The pandemic has disrupted the day-to-day lives of more than half (52 percent) of the global population. A recent survey conducted by Kantar of 30,000 consumers across more than 50 markets found that financial worries are intensifying around the world, with 82 percent of respondents in the U.S. and 79 percent in the UK reporting concerns.

The survey, Kantar’s COVID-19 Barometer, found that financial concerns outweigh personal health concerns—68 percent of people say the situation demands more proactive financial planning and 60 percent are worried about the economy’s ability to recover. Only 50 percent of people are concerned about contracting the virus. The financial focus is driven by the very real impact COVID-19 is having on household incomes, with Millennials feeling the most severe impact. The survey reports that 78 percent of 18-34-year-olds say their household income has or will be impacted by coronavirus compared to 71 percent overall.

Across the markets Kantar surveyed, being prepared and keeping well informed is the primary response, seen as paramount by more than a third of respondents globally. National media channels, such as nationwide TV channels and newspapers, are still seen as the most trusted source of information, with 54 percent of people identifying them as trustworthy. Audience measurement data collected by Kantar has recorded significant viewer increases in news outlets around the world—in China the time spent watching news programs has more than doubled; in the UK, 17 out of the 20 most-watched shows in 2020 have been BBC News, and in Brazil the share of time spent watching the news increased by a third in the month of March. The data also suggests that as the severity of the pandemic increases, people are increasingly looking to their government for information and support—54 percent report trusting their government websites.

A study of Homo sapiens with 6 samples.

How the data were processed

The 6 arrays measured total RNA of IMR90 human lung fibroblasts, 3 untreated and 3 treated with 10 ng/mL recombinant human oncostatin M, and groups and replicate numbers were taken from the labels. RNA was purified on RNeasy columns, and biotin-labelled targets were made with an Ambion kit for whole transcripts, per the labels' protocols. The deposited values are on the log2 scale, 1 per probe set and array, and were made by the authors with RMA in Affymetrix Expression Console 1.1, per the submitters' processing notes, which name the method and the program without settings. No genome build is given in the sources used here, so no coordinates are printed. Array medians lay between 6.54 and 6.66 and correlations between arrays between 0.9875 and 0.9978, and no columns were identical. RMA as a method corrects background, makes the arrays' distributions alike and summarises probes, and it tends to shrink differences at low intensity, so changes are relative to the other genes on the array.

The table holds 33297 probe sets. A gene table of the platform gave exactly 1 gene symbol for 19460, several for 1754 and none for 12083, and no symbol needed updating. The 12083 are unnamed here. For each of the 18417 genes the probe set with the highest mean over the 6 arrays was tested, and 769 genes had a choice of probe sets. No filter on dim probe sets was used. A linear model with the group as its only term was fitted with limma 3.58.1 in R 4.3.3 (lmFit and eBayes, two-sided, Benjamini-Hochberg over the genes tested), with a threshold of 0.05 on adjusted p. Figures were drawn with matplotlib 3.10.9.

The barometer found that young adults are more likely to be feeling the financial impact of the coronavirus and are experiencing the greatest change to their day-to-day lives. Many are making more healthier lifestyle choices, as people look to take control of what they can—59 percent of 18-34-year-olds say they are eating healthier, 57 percent are using this an opportunity to sleep more, 48 percent are exercising more regularly, 44 percent are focusing on personal development and 25 percent are choosing to meditate. Older age groups (55+) are trying to get as much sunlight as possible in the context of greater restrictions to their freedom of movement.

Data from the COVID-19 Barometer highlights that people expect businesses to prioritize staff welfare and to play their part in supporting society through the pandemic, such as through donating useful items and helping the government. The survey found that 47 percent of people expect companies to support hospitals during the crisis, while 39 percent say that companies should be making themselves available to governments. Like companies, brands are also in the public eye—and are expected to be practical, realistic and helpful. Thirty-one percent of people want brands to help them during their everyday lives, suggesting that how brands act now will be remembered after the pandemic. Only eight percent of consumers believe that companies should stop advertising, with many claiming that it is a welcome distraction, reminding most of more normal times.